When COVID-19 spread globally in spring 2020, hundreds of millions of students across the world had no choice but to attend school remotely. The consensus now is that the outcomes were overwhelmingly negative. Closing schools created sizable learning losses and likely widened racial and economic achievement gaps.

Yet schools continue to offer—and even expand—remote-learning options. And demand has grown strongly. Between 2021 and 2022, there was a 47 percent increase in families enrolling in exclusively virtual schools, according to the National Center for Education Statistics.

Why are schools and families opting for online learning given the evidence from the past few years? Investigating this question, Brown’s Jesse Bruhn, Chicago Booth’s Christopher Campos, and University of Texas’s Eric Chyn find that while remote schooling may be detrimental to learning for most students, a specific subset appears to have benefited from it.

The researchers ran a two-part survey in Los Angeles, where the school district fully returned after more than a year of remote learning in fall 2021 but said it would maintain an online option—and then opened 60 new virtual academies in 2023. In the first survey, conducted in April 2022, Bruhn, Campos, and Chyn asked 100,000 families with children in grades 3–8 or 11 questions about their experience with remote learning, including whether they were satisfied with the virtual option and whether they felt their child excelled relative to in-person learning.

Who benefited from a virtual classroom? 

For most students, the research finds, online schooling brought down test scores. But students whose families had a high preference for remote learning saw an improvement, possibly because these students learn best at their own pace or with less social pressure.

The second part of the survey gave parents 10 hypothetical scenarios, each asking which of three schools they preferred. The schools varied along three attributes: distance from survey takers’ home, academic achievement of the student body, and instruction being either remote or in person. By pooling answers to these surveys, the researchers were able to construct a picture of school preference, including how much demand families have for remote learning. They matched these results with test scores from the 2021–22 school year to connect this demand with student outcomes. (The sample of parents who responded to survey tended to have higher-achieving students who were less likely to be in special education.)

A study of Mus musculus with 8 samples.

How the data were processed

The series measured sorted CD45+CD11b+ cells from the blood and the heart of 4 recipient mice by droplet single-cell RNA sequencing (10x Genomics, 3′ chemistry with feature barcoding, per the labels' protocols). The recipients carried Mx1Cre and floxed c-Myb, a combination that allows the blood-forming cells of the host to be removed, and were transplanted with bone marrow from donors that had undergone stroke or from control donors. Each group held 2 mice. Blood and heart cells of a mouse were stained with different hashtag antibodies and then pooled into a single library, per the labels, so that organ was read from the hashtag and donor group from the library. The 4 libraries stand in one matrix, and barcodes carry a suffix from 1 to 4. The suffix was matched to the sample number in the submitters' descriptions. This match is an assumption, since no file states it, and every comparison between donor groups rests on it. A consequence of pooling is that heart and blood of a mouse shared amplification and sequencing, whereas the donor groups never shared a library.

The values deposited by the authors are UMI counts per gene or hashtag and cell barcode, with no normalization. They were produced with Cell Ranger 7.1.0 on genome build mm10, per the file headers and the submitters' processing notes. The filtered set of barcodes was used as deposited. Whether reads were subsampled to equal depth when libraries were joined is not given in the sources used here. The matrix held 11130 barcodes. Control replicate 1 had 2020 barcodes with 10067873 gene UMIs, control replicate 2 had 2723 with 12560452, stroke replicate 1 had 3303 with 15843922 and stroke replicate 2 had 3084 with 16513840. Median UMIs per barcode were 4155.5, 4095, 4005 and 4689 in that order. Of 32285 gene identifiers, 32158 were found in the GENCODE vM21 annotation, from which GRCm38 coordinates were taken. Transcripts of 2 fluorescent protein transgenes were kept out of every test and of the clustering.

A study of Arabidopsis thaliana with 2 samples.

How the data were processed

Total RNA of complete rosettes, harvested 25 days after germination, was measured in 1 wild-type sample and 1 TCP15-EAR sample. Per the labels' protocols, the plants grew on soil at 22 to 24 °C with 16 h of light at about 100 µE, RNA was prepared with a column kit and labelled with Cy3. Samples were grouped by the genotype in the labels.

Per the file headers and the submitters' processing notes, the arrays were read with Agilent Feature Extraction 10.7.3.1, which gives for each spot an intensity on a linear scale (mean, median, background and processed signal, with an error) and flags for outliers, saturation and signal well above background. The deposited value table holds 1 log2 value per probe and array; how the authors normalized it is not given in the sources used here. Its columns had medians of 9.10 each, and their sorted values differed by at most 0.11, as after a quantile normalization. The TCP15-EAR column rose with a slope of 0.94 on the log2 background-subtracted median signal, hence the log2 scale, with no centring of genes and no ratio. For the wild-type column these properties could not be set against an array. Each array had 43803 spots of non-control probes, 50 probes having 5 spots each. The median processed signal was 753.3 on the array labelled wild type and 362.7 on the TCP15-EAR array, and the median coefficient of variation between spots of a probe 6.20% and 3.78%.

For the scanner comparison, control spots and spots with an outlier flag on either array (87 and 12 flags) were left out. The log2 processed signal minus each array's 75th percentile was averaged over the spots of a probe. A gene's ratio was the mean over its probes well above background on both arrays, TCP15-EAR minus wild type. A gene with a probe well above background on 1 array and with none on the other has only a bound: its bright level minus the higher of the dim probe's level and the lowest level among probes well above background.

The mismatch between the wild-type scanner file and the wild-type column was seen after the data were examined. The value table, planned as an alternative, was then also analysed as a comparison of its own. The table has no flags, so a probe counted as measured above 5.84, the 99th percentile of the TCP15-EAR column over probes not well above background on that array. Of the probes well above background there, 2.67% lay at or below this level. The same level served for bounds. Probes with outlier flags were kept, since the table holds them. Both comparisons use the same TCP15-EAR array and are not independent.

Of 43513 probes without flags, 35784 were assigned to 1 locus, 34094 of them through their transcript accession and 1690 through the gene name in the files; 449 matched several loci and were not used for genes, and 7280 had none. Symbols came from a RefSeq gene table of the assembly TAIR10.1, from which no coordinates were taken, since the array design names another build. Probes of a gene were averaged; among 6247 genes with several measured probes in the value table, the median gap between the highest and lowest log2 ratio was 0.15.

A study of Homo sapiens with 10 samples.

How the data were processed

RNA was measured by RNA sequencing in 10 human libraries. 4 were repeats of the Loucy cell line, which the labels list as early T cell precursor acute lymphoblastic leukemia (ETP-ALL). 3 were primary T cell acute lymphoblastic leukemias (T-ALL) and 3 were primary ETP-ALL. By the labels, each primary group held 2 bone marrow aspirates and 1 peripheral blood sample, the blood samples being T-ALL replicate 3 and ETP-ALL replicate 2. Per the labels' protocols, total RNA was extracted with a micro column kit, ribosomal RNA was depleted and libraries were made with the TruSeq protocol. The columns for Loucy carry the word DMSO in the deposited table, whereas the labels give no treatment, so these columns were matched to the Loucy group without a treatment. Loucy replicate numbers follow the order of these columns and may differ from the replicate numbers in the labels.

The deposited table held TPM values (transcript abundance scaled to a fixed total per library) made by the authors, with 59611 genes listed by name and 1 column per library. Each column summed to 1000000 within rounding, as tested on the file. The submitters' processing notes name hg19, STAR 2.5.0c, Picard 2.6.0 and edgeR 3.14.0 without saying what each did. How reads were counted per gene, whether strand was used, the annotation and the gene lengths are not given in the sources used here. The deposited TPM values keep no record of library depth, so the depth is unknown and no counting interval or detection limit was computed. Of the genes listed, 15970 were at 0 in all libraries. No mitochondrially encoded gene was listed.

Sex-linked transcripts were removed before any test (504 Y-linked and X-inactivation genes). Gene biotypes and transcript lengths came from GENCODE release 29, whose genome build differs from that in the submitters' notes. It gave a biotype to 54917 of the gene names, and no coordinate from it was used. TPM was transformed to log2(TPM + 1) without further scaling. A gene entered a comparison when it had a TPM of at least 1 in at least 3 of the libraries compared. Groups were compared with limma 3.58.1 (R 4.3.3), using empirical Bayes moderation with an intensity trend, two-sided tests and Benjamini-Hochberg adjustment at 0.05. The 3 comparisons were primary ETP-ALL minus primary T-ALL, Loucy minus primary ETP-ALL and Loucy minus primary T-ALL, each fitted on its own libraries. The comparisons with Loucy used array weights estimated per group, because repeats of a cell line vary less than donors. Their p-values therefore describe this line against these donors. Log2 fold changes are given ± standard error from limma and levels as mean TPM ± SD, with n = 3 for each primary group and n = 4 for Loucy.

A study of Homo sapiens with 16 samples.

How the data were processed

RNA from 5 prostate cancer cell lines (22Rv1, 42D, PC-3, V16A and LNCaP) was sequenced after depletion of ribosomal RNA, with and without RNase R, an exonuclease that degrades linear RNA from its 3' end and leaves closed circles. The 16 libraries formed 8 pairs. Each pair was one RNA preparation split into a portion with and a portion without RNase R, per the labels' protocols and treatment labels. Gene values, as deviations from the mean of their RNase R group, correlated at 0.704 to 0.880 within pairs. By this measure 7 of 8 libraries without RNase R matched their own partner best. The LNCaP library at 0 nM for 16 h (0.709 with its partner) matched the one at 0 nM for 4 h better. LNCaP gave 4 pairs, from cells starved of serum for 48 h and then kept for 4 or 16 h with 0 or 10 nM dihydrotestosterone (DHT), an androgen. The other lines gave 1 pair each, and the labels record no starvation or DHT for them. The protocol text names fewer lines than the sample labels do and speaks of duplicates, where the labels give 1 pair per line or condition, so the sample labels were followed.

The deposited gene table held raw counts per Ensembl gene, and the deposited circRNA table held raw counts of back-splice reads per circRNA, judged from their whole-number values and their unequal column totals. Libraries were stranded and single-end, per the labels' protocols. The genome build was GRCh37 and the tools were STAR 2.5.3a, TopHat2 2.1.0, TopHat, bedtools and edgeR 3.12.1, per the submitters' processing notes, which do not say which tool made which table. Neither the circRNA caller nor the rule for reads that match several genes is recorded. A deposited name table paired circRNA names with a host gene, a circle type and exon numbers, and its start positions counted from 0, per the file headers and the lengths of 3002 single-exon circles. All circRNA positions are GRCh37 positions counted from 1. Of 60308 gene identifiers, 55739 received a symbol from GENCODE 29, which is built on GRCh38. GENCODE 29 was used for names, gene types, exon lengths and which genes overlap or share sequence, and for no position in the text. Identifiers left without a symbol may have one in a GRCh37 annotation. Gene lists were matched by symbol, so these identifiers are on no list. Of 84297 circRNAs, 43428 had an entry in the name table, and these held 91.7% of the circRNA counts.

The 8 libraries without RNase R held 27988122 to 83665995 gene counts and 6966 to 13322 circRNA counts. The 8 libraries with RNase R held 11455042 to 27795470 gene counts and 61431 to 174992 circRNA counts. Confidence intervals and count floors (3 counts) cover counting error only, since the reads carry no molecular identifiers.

In many ways, the results reinforce the current narrative of remote schooling: 62 percent of parents, reflecting back on a year when school buildings were closed, said their child did not enjoy remote learning, and nearly 80 percent said they were unlikely to choose remote learning in the future. The hypothetical choice experiment reveals that academic achievement at a given school would need to increase by 40 percent for most parents to accept remote over in-person learning. That’s an unlikely scenario, since academic performance for the average student dropped when attending school remotely.

But 22 percent of survey takers said their student excelled in remote learning. While most students who went remote saw a decline in test scores, about 10 percent performed better—and their parents expressed a preference for remote learning. The researchers can’t explain why this small group of students benefited, but several theories exist. Among them, is that bullying declined during remote learning, as a team of researchers from Boston University find, in which case it’s possible that reduced social pressure led to academic gains.

The findings reveal a gap in how educators and policy makers understand the potential of remote learning. To accept the average experience of students over the course of the pandemic as universally true, Campos says, ignores the fact that some kids benefit from staying home, that there is important variability in how receptive families are to the upsides of virtual schooling.

“Discourse in the press and academia thus far tends to simply lump the issue into negative territory,” he says. “This does tend to be true on average, but policy makers need to understand these families in the other 10 percent, and perhaps better target them with remote options. There is a lot more to be learned about remote learning in the postpandemic landscape.”